CHARLES TOWN – A proposal to allow industrial solar energy collection facilities could affect as much as 75 percent of Jefferson County’s current open land, according to estimates of county zoning officials.
However, technical limitations of locating such large-scale energy generating facilities near key electrical infrastructure would significantly reduce the amount of open land that would be viable for such projects, according to some informal views expressed during a Jefferson County Commission workshop last week on the so-called zoning text proposal.
“They have to interconnect to the utility grid somewhere, and it’s most likely in a substation,” said Commissioner Josh Compton, who works as a consultant for rural electric cooperatives. “There are only specific substations in the county or they can tap into a transmission line. That significantly restricts as to where those things can be built.”
“The problem is the further away you get away from transmission lines or substations the costs start skyrocketing to where it’s probably not financially feasible,” he added.
Compton’s comments arose during the nearly 90-minute workshop where county commissioners discussed the proposed zoning text amendment and heard a presentation about its potential implications from Zoning Administrator Alex Beaulieu.
Beaulieu said industrial solar energy facilities, also called solar farms, typically use about 200 to 800 acres.
“These types of facilities are driven by large tech companies who have goals in their long-term plans to go green,” she said. “So this type of facility is generally initiated by those types of industries or those businesses.”
Compton said his understanding was that electric utilities will sign “power purchase agreements” to purchase a set amount of solar power. “That’s generally how this occurs,” he said of large-scale solar power generating facilities.
He also said he wanted to learn from an electronic company representative about how much electricity the county’s electric utility infrastructure could accept from solar farms. “You can only pump so much electricity through a certain size line,” he said. “So I want to dispel some of the concerns that the entire county is going to become a solar farm.”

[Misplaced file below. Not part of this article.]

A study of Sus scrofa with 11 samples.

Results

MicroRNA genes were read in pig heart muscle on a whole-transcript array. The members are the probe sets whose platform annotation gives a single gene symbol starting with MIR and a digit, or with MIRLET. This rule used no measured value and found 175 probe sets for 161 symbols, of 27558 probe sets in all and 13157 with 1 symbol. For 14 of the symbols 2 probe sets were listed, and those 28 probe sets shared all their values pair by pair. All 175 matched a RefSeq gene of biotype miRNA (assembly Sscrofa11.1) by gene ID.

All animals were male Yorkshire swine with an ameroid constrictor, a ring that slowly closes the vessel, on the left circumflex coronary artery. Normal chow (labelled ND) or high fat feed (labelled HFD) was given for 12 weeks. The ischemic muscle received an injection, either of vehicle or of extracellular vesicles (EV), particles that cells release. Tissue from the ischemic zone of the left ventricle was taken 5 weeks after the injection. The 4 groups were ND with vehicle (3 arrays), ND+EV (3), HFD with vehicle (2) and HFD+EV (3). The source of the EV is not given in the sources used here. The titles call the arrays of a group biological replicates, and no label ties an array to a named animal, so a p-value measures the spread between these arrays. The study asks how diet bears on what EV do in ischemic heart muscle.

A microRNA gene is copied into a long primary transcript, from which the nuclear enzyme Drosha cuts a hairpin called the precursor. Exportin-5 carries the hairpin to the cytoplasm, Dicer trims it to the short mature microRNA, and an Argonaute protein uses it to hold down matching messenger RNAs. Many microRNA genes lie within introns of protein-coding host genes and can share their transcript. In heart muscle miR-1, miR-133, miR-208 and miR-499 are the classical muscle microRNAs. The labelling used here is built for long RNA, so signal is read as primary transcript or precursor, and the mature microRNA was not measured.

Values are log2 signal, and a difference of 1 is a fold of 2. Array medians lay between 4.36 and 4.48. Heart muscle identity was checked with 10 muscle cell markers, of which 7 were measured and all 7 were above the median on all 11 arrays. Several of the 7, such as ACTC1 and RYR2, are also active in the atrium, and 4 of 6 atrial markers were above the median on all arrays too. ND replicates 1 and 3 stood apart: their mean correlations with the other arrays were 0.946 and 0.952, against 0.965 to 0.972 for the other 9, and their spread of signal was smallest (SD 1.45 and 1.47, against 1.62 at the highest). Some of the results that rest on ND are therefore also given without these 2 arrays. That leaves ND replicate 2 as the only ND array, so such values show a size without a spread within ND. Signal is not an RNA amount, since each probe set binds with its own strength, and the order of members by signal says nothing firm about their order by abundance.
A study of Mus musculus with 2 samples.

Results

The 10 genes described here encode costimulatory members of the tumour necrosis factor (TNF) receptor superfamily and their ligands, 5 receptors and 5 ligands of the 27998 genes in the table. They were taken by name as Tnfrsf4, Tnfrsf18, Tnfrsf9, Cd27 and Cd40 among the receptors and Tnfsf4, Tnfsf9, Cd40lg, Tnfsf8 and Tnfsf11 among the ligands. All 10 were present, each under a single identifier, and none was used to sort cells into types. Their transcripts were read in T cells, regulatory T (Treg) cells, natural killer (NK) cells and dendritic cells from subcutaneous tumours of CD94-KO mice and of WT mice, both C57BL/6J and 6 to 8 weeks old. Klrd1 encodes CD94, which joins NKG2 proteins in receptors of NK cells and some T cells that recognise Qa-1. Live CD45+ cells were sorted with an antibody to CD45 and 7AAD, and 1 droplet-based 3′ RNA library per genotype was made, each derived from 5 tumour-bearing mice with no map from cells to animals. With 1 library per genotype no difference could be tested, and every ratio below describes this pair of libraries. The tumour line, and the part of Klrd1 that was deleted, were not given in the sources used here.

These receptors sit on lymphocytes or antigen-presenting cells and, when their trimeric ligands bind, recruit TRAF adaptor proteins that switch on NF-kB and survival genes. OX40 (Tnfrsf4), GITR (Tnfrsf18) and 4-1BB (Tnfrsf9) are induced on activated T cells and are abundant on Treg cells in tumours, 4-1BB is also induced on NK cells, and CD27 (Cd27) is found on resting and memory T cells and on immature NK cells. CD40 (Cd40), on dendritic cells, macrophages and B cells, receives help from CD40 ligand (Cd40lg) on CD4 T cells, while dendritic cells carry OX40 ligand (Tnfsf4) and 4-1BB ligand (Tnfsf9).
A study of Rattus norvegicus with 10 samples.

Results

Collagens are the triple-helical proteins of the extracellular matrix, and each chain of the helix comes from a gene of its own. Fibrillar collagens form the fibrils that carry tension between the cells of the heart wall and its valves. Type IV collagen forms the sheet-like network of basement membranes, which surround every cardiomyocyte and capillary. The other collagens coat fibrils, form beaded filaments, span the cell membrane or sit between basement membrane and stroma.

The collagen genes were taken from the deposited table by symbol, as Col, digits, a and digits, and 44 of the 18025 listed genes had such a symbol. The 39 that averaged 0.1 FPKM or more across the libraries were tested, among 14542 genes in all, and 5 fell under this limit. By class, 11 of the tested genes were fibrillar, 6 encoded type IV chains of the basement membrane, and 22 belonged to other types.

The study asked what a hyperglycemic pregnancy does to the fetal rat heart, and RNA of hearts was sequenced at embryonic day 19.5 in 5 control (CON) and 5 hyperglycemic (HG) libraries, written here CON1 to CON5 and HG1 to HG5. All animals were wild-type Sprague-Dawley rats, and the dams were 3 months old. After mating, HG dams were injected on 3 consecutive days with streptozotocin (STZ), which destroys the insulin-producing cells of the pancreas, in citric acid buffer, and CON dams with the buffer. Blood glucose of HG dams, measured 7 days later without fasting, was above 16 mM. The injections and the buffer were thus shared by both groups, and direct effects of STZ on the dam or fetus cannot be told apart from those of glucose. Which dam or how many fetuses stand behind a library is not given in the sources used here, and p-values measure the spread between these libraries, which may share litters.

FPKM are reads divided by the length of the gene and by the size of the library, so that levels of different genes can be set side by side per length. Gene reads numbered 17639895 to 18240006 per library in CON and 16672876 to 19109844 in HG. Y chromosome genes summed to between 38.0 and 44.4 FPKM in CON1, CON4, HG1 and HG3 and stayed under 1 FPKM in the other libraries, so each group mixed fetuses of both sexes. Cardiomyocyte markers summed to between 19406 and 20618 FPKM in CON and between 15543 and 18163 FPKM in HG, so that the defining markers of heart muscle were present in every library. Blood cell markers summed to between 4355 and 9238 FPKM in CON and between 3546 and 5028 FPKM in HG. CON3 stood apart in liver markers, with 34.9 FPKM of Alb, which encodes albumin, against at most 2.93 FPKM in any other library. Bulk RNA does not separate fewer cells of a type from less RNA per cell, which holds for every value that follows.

The proposed zoning ordinance text amendment would allow solar farms within the county’s commercial, industrial and residential zoning districts. The current proposal does not limit the size of solar farms.
Last Thursday the county commissioners, who as a body can approve, alter or reject the proposal altogether, posed as many questions as they found answers during the workshop. They agreed to hold another workshop on Aug. 20 at 1 p.m., when they hope to talk with solar power generation companies and electrical distribution utilities to learn more about legal and technological requirements and common business practices for solar farms.
The commissioners also said they wanted to hear from the county assessor to determine what local taxes solar farms might generate as commercial operations.
The public can observe the next upcoming workshop but not offer comment. A public hearing to accept residents’ comments in person has been scheduled for Friday, Sept. 11 at 1 p.m. Written comments should be sent to the county commission by Sept. 10 to be considered.
The proposed zoning change to allow solar farms has drawn public attention and comment in recent weeks. Some residents, including a few family farmers, support the zoning change to give farmers an option to diversify their agricultural income by leasing a portion or more of their land to solar energy companies. Advocates for allowing solar farms said such operations can avoid the county’s open private land from being permanently lost to housing developments.
Other residents have spoken out against the proposed zoning change over concerns that the county’s open land and landscape would be overrun with rows upon rows of dark panels of solar arrays.
Commissioner Ralph Lorenzetti, who cast a lone vote as a county planning commissioner member against a recommendation to adopt the proposed zoning change to allow solar farms, said his concerns deal primarily with ensuring that county farms preserve some element of an agricultural use even if they lease their land to a solar energy production company.
“I think the farmers have a need to have solar, my only concern is trying to keep the farm somewhat a farm,” he said.
The Jefferson County Planning Commission already held discussions, workshops and a public hearing before forwarding the proposed amendment for the county commission to decide its fate.
Commissioner Jane Tabb, whose family operates a farm in the Leetown area, pointed out that the industrial solar industry is so new that there’s no track record of solar farms being returned to their original agricultural use. Solar farms should preserve the integrity of the soil until the land is used for agriculture again.
Tabb added that she read that West Virginia regulations limit the amount of solar electricity that electrical systems can accept and purchase. She said she also read that some solar companies already have application proposals filed to provide much of that electricity.
“So I guess there’s some competition to use these power lines or capacity in the power lines?” she asked herself as much as anyone. “I’m not sure.”